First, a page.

A system employing a glucose sensor beneath the skin to automatically determine insulin delivery via a pump will be offered to diabetes patients. Starting this month, the NHS will reach out to adults and children who could benefit from this technology. However, NHS leaders cautioned that it might take up to five years before everyone eligible receives access, citing challenges in procuring enough devices and the necessity to train additional staff in their usage.

Trials have shown that this hybrid closed-loop system significantly enhances quality of life and reduces the risk of long-term health complications. Endorsement from the National Institute for Health and Care Excellence (Nice) at the end of last year prompted the NHS to adopt this technology. Approximately 300,000 individuals in the UK have type 1 diabetes, which requires constant monitoring of blood glucose levels and daily insulin administration.

The new technology automates this process, mimicking the function of a pancreas by adjusting insulin delivery. It necessitates manual input of food intake information during mealtimes for accurate functioning. The aim is to prevent life-threatening fluctuations in blood glucose levels and improve overall control, thereby reducing the risk of complications like heart disease and kidney disease.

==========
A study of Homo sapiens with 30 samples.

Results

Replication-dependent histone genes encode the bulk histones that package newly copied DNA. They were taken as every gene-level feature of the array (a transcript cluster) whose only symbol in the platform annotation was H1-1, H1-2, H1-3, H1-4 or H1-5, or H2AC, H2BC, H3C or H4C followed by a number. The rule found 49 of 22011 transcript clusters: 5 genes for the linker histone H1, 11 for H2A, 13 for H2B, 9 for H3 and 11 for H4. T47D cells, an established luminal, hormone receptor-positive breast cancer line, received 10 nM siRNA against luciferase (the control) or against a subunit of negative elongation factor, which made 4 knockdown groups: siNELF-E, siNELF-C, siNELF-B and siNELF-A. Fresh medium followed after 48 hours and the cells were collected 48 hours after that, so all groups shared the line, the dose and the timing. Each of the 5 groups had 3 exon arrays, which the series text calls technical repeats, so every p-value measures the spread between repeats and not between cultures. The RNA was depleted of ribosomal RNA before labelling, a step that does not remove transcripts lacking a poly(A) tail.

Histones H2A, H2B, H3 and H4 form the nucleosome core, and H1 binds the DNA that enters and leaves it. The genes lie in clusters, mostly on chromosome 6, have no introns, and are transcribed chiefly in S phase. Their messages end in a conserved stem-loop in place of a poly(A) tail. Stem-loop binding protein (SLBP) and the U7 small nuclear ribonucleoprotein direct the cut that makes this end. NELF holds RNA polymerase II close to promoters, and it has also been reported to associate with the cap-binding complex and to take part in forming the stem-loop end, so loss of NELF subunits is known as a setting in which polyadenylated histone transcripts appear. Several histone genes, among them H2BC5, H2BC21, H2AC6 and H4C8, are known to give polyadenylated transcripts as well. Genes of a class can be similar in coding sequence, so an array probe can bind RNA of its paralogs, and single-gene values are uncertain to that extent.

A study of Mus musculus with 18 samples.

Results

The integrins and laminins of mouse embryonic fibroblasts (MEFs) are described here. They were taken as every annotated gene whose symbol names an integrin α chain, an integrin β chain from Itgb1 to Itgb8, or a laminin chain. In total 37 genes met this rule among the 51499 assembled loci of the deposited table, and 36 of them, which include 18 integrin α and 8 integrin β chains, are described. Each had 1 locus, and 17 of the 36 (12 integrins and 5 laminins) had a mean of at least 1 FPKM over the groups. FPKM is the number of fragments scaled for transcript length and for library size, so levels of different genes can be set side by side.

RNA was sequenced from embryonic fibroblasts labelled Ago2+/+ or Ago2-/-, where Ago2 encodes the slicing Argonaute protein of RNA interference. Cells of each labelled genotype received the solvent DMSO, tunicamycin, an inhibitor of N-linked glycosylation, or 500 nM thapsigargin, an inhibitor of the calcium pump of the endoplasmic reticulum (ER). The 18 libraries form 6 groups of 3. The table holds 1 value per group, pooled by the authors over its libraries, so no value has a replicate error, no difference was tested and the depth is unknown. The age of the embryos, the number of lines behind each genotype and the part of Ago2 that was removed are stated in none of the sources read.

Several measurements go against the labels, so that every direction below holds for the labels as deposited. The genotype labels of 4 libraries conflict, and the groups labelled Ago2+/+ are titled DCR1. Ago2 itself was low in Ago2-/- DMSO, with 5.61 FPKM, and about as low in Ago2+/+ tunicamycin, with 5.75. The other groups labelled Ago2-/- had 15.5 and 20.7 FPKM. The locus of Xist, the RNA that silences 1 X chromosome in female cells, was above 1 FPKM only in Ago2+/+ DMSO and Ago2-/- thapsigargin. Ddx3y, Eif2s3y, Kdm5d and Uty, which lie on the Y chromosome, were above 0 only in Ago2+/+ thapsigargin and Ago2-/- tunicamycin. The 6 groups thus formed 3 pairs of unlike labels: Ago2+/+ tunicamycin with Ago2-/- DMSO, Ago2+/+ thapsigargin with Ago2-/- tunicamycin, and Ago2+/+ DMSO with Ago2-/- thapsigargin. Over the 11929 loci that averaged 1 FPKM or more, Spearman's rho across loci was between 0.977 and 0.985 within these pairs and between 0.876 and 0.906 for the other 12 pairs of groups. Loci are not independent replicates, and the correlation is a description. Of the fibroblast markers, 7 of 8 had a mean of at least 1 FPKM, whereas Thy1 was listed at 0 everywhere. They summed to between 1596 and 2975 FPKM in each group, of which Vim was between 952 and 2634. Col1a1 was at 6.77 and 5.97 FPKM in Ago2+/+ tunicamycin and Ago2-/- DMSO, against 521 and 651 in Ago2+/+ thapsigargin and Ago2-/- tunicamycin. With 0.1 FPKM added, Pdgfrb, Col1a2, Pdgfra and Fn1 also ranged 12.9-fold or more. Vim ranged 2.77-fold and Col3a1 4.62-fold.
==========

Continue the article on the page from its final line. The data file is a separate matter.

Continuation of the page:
Scotland has already initiated the offering of this technology, with Wales and Northern Ireland likely to follow suit soon. Patients like Gemma Lavery, 38, from Plymouth, have experienced life-changing benefits from this device, which has stabilized their diabetes management and reduced stress.

Prof Partha Kar, NHS national specialty advisor for diabetes, hailed this development as a significant step forward for type 1 diabetes patients, emphasizing its potential to enhance both medical care and quality of life. NHS England diabetes clinical director Dr. Clare Hambling echoed these sentiments, highlighting the transformative impact this technology could have.

Diabetes UK chief executive Colette Marshall expressed excitement about the rollout, describing it as a landmark moment. Nice’s approval last December paved the way for the NHS’s five-year plan to provide this system to eligible individuals, including children, pregnant women, and those with specific HbA1c readings.